Arab nations among worst jailers of journalists in the world


Countries in the Arab region are some of the world’s worst offenders when it comes to jailing reporters, according to the latest figures from Reporters Without Borders (RSF).

Egypt, which ranks at 166 in RSF’s World Press Freedom Index, Saudi Arabia (170) and Syria (173) are rated particularly badly, with, collectively, more than 70 journalists imprisoned over the past year – largely for reporting contrary to government narratives. 

Morocco, Algeria and Libya continue to be marked red or black on the World Press Freedom map because their situation is ranked as ‘bad’ or ‘very bad’.

Tunisia, Mauritania and Qatar, however, are among the less repressive states in the region. 

RSF, a non-profit and non-governmental organisation that aims to safeguard the right to freedom of information, stated that in some Arab countries, news organisations are closely monitored using sophisticated hacking and espionage methods. This leaves almost no room for press freedom. 

Those who choose to report unauthorised information often end up imprisoned, deported, or dead. 

With the Covid-19 pandemic sweeping the region, several governments have further tightened restrictions on the media to control opposition and sway public opinions. 

“[This is] the worst year on record for journalists behind bars in retaliation for their work. … We’ve seen a backlash around the world against journalists reporting on the pandemic itself as well as government responses to the pandemic,” Courtney Radsch, Advocacy Director for the Committee to Protect Journalists, said to USNews

RSF’s reports only include journalists that were killed or imprisoned in connection with their journalistic work, the organisation says. The numbers do not include those who were imprisoned for reasons unrelated to – or yet to be connected to – their work. 

Tightened grip over the media

In the Arab world, Saudi Arabia imprisons the most journalists, with around 32 recently put behind bars for reporting news that the government seemed to dislike, according to RSF.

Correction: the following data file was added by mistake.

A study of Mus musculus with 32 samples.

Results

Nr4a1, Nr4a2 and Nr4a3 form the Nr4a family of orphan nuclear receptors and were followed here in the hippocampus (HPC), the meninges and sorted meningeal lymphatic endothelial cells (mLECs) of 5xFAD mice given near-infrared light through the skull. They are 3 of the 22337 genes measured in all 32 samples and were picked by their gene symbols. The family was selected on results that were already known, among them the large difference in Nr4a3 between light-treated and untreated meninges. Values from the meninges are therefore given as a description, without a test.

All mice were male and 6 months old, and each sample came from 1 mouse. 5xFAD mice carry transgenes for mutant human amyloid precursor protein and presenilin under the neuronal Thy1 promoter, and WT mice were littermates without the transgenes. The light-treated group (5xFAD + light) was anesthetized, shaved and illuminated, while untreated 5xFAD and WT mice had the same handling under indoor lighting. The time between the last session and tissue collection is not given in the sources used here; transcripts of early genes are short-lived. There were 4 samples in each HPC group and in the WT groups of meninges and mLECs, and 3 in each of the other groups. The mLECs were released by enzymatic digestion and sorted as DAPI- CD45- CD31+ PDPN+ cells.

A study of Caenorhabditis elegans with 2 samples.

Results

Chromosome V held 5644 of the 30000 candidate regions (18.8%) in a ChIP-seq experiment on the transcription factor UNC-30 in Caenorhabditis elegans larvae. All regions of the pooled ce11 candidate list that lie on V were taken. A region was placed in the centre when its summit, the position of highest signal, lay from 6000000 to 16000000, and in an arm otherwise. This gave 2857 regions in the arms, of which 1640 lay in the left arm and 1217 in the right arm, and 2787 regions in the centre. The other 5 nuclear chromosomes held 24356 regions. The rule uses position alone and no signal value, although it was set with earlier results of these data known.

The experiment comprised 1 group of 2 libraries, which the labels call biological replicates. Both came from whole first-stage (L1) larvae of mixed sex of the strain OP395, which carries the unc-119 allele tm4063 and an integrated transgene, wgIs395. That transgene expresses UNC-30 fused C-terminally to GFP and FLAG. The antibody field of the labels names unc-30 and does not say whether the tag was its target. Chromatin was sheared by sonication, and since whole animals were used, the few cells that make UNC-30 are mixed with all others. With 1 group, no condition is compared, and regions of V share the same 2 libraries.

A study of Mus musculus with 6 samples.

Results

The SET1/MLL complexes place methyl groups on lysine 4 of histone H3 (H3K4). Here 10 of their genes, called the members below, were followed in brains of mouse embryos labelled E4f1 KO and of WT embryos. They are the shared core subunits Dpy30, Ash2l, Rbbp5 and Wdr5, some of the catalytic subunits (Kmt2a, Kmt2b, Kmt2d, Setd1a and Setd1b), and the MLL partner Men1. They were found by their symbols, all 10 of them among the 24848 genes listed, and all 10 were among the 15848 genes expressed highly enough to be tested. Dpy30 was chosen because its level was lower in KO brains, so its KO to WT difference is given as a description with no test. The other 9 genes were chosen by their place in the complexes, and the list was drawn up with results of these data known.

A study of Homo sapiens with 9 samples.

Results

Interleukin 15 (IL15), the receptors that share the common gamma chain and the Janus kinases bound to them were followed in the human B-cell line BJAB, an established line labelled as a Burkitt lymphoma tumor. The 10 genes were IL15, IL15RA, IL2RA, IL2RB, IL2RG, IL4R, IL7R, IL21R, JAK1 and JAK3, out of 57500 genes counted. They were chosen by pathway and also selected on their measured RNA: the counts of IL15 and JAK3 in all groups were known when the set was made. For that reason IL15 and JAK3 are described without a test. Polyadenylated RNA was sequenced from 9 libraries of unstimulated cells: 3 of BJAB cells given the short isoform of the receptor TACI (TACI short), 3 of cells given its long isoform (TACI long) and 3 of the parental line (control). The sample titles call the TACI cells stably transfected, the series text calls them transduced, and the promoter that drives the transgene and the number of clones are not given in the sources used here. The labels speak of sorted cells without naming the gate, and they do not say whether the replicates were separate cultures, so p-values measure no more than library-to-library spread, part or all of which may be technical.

In recent years, Saudi authorities have imposed tough restrictions on reporters and activists, reflecting a broader degradation of press freedom in the country. Journalists are kept under close surveillance, according to human rights organisations, even when they are abroad as illustrated by Jamal Khashoggi’s murder in Istanbul in October 2018.

“Despite his talk of reform, Mohammad bin Salman has intensified the repression since his appointment as crown prince in June 2017. The number of journalists and citizen-journalists in detention has tripled since the start of 2017. Most are being held arbitrarily and are likely subjected to torture, which is almost systematic for prisoners of conscience,” RSF states.  

Egypt follows shortly after Saudi Arabia, with around 31 journalists recently imprisoned, according to the latest RSF statistics. Since Abdelfattah el-Sisi took the presidency in 2014, Egypt has seen a spike in journalist arrests, with allegations of spreading fake news used to justify persecution. 

Under the pandemic, press freedom has become more and more alarming in the country, with frequent raids and arrests. On top of this, journalists often spend years in detention with no charge at least eight journalists have been affected by this practice since April 2019.

Syria follows closely, with 17 journalists reportedly imprisoned in what RSF calls an ‘unbearable environment’ for the media. Reporting in the country is highly risky, with high chances of arrest, abduction, and even death. According to reports, at least ten journalists were killed in 2018, of whom ‘three were the victims of murders in unclear circumstances that were never solved.’ 

“The slightest hint of criticism, or any reference to cases of infection or corruption and poverty can earn even the most loyal of journalists a summons by the intelligence services or an indefinite prison term,” RSF reported in its 2020 RSF Index: The illusion of peace in the Middle East.

Less repressive Arab nations

Some countries, however, are doing tentatively better on the 2021 World Press Freedom Index compared to the rest of the Arab region.

In Tunisia (73 on the index), for example, greater press freedom remains one of the most prominent achievements of the country’s 2011 revolution. A drastic change has been seen since the removal of President Zine al-Abidine Ben Ali during the Arab Spring. Press rights remain vulnerable, however, and the country has dropped a place on the index since 2020. 

Mauritania (94) has also been praised for its reforms to allow journalists to report more freely in the country. The state’s ranking has jumped three countries since 2020, one year after Mohamed Ould El-Ghazaouani took the presidency and appointed a national commission for press reform. More reforms are promised.

“Undertaking to implement its 64 recommendations, the president referred to the consolidation of freedom of expression as a ‘strategic choice for the state,'” RSF reported.

Qatar (128) has been praised for taking steps to improve press freedom ahead of the FIFA 2022 World Cup. According to 2021 reports, the country currently has no journalists imprisoned, and has progressed one step from its 129 ranking in 2020. 

RSF notes that Qatar’s state-owned Al Jazeera media company has transformed the press landscape in the Arab world, especially for its coverage of MENA politics during the Arab Spring.

Though there’s more to be done, Qatar does seem to be taking positive steps towards greater press freedom.